GNU Emacs is primarily designed for use with the keyboard. While it is possible to use the mouse to issue editing commands through the menu bar and tool bar, that is not as efficient as using the keyboard. Therefore, this manual mainly documents how to edit with the keyboard.
Keyboard input into Emacs is based on a heavily-extended version of ASCII. Simple characters, like ‘a’, ‘B’, ‘3’, ‘=’, and the space character (denoted as <SPC>), are entered by typing the corresponding key. Control characters, such as <RET>, <TAB>, <DEL>, <ESC>, <F1>, <Home>, and <left>, are also entered this way, as are certain characters found on non-English keyboards (see International).
Emacs also recognizes control characters that are entered using modifier keys. Two commonly-used modifier keys are <Control> (usually labeled <Ctrl>), and <Meta> (usually labeled <Alt>)1. For example, Control-a is entered by holding down the <Ctrl> key while pressing a; we will refer to this as C-a for short. Similarly Meta-a, or M-a for short, is entered by holding down the <Alt> key and pressing a. Modifier keys can also be applied to non-alphanumerical characters, e.g., C-<F1> or M-<left>.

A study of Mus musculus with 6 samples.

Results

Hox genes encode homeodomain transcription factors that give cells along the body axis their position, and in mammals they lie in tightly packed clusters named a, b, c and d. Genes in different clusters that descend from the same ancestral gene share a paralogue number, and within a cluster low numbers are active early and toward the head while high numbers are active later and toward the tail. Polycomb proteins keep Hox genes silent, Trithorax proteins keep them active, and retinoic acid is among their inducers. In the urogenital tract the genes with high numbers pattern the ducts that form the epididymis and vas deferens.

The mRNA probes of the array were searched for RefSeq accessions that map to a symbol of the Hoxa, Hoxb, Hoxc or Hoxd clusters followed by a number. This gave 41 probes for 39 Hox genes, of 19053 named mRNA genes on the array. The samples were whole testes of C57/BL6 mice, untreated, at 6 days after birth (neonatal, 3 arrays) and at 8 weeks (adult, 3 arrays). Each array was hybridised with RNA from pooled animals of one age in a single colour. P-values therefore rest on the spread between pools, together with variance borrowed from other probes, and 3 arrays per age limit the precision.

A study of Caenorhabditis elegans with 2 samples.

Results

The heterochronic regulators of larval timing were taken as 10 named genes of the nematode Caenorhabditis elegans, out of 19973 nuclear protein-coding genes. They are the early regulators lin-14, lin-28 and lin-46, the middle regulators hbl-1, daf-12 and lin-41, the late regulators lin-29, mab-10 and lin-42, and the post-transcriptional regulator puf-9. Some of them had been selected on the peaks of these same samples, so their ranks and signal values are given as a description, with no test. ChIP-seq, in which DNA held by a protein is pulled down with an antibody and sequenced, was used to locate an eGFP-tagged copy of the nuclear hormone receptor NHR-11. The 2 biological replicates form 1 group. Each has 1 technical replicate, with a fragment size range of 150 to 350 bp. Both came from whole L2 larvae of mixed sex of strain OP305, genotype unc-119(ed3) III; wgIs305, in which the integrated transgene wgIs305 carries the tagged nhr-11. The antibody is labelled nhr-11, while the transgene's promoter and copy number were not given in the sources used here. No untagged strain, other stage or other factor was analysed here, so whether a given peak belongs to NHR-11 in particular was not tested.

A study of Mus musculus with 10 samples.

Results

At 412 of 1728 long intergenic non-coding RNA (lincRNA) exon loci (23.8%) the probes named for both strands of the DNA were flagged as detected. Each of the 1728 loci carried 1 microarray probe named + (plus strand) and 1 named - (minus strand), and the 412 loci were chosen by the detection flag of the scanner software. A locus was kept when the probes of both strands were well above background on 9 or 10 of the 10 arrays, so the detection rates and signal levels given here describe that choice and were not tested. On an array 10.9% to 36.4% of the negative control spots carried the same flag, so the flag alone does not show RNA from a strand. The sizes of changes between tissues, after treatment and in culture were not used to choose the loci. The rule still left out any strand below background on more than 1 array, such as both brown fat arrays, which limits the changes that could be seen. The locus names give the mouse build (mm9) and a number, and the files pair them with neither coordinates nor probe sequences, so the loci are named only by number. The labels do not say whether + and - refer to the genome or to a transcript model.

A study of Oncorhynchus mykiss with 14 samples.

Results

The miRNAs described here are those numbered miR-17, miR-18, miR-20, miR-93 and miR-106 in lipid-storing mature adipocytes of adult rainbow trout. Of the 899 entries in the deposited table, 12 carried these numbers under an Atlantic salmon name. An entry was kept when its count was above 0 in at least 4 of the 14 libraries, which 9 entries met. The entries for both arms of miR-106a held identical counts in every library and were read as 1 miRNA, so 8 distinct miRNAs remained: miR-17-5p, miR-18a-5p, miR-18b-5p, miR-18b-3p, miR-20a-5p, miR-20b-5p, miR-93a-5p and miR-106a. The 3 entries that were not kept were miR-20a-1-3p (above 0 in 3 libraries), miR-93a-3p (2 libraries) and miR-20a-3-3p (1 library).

You can also type Meta characters using two-character sequences starting with <ESC>. Thus, you can enter M-a by typing <ESC> a. You can enter C-M-a by typing <ESC> C-a. Unlike <Meta>, <ESC> is entered as a separate character. You don't hold down <ESC> while typing the next character; instead, press <ESC> and release it, then enter the next character. This feature is useful on certain text terminals where the <Meta> key does not function reliably.
On graphical displays, the window manager might block some keyboard inputs, including M-<TAB>, M-<SPC>, C-M-d and C-M-l. If you have this problem, you can either customize your window manager to not block those keys, or “rebind” the affected Emacs commands (see Customization).
Simple characters and control characters, as well as certain non-keyboard inputs such as mouse clicks, are collectively referred to as input events. For details about how Emacs internally handles input events, see Input Events.
 We refer to <Alt> as <Meta> for historical reasons.